Marines, Japanese Train with Hovercrafts - NBC 7 San Diego

Marines, Japanese Train with Hovercrafts

It's not every day a news crew is given the chance to board the hovercraft used in Tuesday's training



    NBCSanDiego had the rare opportunity to go aboard the hovercraft Tuesday. (Published Wednesday, Jan. 25, 2012)

    A joint training exercise between the Japanese Army and Camp Pendleton-based sailors and Marines also provided the chance to see a hovercraft in action.

    LCAC crews from Assault Craft Unit Five trained with the Japanese Army Tuesday as part of an on-going bilateral training exercise between the 15th Marine Expeditionary Unit, and the Japanese Ground Self-Defense Force - called "Iron Fist."

    The Japanese worked with assets they don't have in their own military like the U.S. Navy Landing Craft Air Cushion or "LCAC."

    NBCSanDiego had the rare opportunity to go aboard the hovercraft Tuesday.

    “It's basically just a large hovercraft - like a hockey puck flying over land and we're able to transport vehicles and marines from ship to shore,” said Navy LCAC navigator, David Farley. “A lot of people get confused when it comes up on shore and they're looking for the track system underneath but it completely hovers on its own."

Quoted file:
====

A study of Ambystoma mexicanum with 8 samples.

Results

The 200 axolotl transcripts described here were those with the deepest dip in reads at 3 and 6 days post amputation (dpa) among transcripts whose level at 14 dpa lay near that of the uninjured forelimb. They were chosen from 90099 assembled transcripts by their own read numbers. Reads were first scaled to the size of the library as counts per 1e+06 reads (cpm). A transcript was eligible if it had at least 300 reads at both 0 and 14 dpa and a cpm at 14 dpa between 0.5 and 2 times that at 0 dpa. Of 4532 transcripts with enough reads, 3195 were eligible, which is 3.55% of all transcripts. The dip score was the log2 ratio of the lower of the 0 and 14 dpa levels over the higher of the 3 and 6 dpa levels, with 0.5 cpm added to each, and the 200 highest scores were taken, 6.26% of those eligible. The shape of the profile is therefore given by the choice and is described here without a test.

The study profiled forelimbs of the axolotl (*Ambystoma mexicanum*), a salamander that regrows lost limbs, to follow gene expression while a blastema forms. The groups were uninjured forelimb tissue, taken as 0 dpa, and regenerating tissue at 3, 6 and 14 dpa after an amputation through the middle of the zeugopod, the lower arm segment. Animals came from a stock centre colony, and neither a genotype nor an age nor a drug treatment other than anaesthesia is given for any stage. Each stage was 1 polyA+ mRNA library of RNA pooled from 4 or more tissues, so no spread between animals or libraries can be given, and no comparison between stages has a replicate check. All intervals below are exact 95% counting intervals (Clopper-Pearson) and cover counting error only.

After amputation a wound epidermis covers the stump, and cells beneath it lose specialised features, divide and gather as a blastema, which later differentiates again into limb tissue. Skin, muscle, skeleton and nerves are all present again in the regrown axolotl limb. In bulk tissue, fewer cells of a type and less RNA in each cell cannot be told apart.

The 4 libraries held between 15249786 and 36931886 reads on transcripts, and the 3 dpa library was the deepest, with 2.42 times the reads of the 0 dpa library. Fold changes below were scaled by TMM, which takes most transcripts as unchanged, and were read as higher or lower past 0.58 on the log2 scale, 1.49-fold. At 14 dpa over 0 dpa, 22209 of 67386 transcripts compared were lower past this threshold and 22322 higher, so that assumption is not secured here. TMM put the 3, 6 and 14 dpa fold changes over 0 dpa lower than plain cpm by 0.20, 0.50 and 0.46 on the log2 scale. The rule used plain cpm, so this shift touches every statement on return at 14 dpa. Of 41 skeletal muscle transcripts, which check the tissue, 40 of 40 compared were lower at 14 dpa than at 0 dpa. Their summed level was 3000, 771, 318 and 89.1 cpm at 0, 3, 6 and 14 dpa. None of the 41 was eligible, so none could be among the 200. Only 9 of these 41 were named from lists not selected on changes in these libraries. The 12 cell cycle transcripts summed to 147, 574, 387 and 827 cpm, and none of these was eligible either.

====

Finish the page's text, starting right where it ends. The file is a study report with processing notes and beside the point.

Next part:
You hear its screaming engines as it shoots towards you

    Then - it's a storm of sand and spray when it hits the beach

    Quickly sliding to a stop - then ready - to load or unload troops and equipment.

    "We're able to transport a lot of gear at a very fast pace and assault the beach in a very quick manner," said Farley.

    Up to 35 miles per hour - it's quick indeed and it carries up to 75 tons (approximately 11 Humvees.)

    Though designed for amphibious assaults on beaches, LCACS have mostly been used for humanitarian missions

    After disasters like the Tsunami in Japan, they are sometimes the first vehicles used to bring aid ashore.

    The U.S. military believes this type of training not only offers a great learning opportunity for personnel on the ships involved but it’s also important in that it strengthens military ties.